NRA-backed Republicans blasted for offering prayers to Sutherland Springs

“In the minutes and hours immediately following the Sutherland Springs, Texas, church shooting that has left more than 27 dead, NRA-endorsed Republicans are being roundly criticized for offering ‘thoughts and prayers’ in lieu of legal or preventative measures for mass shootings,” as the International Business Times is reporting.

“Social media responses were swift in condemning not only the actions of the currently unknown gunman, but also that of the lawmakers they see as ‘doing nothing’ on matters such as gun control. Responses from celebrities and fellow lawmakers immediately criticized politicians such as GOP Sens. Rob Portman and Bill Cassidy — both of whom have been previously endorsed by the National Rifle Association. Both senators have an ‘A’ rating with the NRA.

“Even the House GOP’s Twitter account offering their own ‘prayers’ was met with thousands of angry responses blaming their inaction.”

The rest of the article is here.

Author: jeffpelline

Jeff Pelline is a veteran editor and award-winning journalist - in print and online. He is publisher of Sierra FoodWineArt magazine and its website Jeff covered business and technology for The San Francisco Chronicle for 12 years, and he was a founding editor and Editor of CNET News for eight years, among other positions. Jeff has a bachelor's degree from UC Berkeley and a master's from Northwestern University. His hobbies include sailing, swimming, and trout fishing in the Sierra.

13 thoughts on “NRA-backed Republicans blasted for offering prayers to Sutherland Springs”

  1. So let me get this straight: The Texas Rangers report that this evil act was halted when a law-abiding citizen confronted the shooter with a legal firearm and now the solution to such evil acts is to further restrict such law-abiding citizens???

    1. I think the problem is that the day before yesterday, the shooter was also a law-abiding citizen too. For that matter, six weeks ago, the guy in Las Vegas was law abiding, citizen, too. “Good guy with a gun” is only a bottle of whiskey (or mental breakdown, or extremist ideology), away from being a “bad guy with a gun.”

    2. 26 people were killed by an AR-15 before he was shot. From later reports it seems like he was basically done with his planned murder.

      Clearly we should be arming the pastors of churches. Blessed are the heavily armed, for theirs is the Kingdom of Murica. Perhaps the horizontal part of the cross could be a rifle.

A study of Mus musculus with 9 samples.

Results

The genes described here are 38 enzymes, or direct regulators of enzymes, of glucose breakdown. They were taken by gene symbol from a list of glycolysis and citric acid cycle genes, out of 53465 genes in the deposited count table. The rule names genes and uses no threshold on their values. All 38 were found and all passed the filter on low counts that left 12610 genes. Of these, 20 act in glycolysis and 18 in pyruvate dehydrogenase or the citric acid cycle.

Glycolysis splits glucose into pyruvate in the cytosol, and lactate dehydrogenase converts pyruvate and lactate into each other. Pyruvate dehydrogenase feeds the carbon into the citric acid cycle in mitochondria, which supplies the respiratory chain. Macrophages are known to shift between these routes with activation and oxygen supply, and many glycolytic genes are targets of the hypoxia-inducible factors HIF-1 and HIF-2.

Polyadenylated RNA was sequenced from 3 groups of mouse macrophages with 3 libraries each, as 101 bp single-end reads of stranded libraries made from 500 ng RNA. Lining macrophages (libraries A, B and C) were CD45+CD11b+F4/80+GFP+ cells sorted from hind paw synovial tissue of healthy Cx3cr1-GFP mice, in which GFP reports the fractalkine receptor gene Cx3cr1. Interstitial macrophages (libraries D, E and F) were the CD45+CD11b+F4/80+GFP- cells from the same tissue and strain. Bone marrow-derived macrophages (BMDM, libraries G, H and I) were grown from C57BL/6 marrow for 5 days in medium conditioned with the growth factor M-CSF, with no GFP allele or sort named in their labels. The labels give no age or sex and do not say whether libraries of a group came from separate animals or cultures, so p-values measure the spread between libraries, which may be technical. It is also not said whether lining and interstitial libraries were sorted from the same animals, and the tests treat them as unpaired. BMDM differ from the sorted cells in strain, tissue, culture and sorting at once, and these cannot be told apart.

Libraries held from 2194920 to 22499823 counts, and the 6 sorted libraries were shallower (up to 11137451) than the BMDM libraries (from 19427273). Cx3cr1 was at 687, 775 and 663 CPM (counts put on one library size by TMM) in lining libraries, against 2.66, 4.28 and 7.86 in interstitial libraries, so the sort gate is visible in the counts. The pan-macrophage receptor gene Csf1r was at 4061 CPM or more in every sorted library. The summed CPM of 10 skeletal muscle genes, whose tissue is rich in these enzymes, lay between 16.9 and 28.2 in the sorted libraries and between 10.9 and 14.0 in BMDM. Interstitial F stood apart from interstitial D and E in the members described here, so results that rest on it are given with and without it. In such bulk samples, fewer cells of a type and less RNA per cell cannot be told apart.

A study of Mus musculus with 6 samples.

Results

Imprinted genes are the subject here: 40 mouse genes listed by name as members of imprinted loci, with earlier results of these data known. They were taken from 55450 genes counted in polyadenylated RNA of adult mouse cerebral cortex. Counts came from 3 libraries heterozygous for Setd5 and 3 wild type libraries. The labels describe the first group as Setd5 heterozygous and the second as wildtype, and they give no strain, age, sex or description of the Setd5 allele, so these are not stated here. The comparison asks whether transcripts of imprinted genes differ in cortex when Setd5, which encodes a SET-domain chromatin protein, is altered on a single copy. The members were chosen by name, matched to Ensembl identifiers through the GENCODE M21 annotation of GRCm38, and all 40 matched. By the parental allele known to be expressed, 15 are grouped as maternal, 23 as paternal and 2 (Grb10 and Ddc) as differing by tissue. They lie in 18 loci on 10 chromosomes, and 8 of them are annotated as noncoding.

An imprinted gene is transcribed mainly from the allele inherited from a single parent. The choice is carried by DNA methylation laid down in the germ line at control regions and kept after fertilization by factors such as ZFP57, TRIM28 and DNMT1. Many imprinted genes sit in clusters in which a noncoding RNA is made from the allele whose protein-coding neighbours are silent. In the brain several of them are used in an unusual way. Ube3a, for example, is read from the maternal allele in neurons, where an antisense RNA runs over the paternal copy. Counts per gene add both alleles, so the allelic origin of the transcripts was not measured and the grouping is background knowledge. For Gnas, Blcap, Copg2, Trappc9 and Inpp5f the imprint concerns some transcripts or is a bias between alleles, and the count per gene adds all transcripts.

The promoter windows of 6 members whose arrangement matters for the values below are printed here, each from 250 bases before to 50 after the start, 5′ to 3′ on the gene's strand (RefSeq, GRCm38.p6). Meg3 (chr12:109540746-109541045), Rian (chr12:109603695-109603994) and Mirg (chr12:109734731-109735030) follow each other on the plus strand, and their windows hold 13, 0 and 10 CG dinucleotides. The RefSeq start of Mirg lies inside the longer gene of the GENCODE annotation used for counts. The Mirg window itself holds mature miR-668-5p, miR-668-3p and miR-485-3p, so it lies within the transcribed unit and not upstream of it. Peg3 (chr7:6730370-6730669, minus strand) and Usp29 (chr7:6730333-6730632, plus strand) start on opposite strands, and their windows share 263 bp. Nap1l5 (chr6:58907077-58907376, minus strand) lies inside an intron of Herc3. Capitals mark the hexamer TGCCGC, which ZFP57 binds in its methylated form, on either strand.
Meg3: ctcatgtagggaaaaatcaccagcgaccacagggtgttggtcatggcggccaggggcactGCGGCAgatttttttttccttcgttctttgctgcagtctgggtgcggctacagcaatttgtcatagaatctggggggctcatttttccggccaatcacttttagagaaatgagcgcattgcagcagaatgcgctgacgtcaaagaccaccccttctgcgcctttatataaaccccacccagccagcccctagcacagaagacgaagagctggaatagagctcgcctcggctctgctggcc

2. “I think the problem is that the day before yesterday, the shooter was also a law-abiding citizen too. ”

    Apparently not Tony. His military service ended when he was accused of abusing his wife and child, court-martialed for doing that while serving in the Air Force and served a twelve month confinement.

    “The Texas church madman was a disgraced Air Force veteran who was court-marshaled in 2012 after assaulting his wife and child, reports said.

    Devin Patrick Kelley, who joined the military in 2010, was given a bad conduct discharge and slapped with 12 months of confinement in 2014 after his court marshaling, CBS News reported.”

    If the US had a proper background check system for people wanting to buy assault rifles this guy would not have passed it.

    Trump was giving a press statement yesterday from Japan about the Texas killings saying it was a mental health problem. So why is one of the first things Trump and the Republican Congress did this year was to remove an Obama era restriction for people on Social Security Disability due to mental disabilities, about 75K people, from being able to buy guns? Because whatever the NRA wants Republicans give them and to hell with public safety.

    Trump sure has a mentally unhinged and corrupt way of making America great again.

    1. Steve, I think my point was that there is no such thing as a “good guy” and a “bad guy.” If you want to define good and bad by whether there is a previous felony conviction, I guess that makes Steven Paddock a good guy the day before the Las Vegas shooting. I think my point was that the presence of guns makes shootings more likely whether the gun is owned by a a guy, whether they are “good” or “bad.” Unarmed people with mental health problems (or a bottle of whiskey) shoot far fewer people than those who are armed, which is why general gun control “works” to reduce overall gun violence in well-regulated countries like the UK, Canada, Japan, etc. They don’t have fewer mental health issues (or drunks) than the US, but such people are less lethal because it is so difficult to get a gun in the first place.

      Which is not to say that most gun owners are dangerous. They are not, and very few will ever shoot anybody. But, I still prefer the gun culture of UK, Canada, and Japan to that of the US where there is less fear of fellow citizens who have mental health issues. And for that matter, the police have less fear that someone they stop is armed and dangerous.

  3. Over on Mr Rebane’s page they are doing somersaults trying to paint the NRA as a pro gun safety lobby. The troglodyte Todd Juvenal somehow defends the NRA by stating that none of the recent mass murderers were NRA members! This is following George’s admission that if the Texas gunman hadn’t slipped pass his background check he wouldn’t have been allowed to purchase the guns he used in the church slaughter. Some level of gun control does work as intended. I’ll be the first to admit however, that many of the regulations such as prohibition against pistol grips, folding stocks and long gun suppressors are nothing more than feel good measures and would have little if anything effect on gun violence.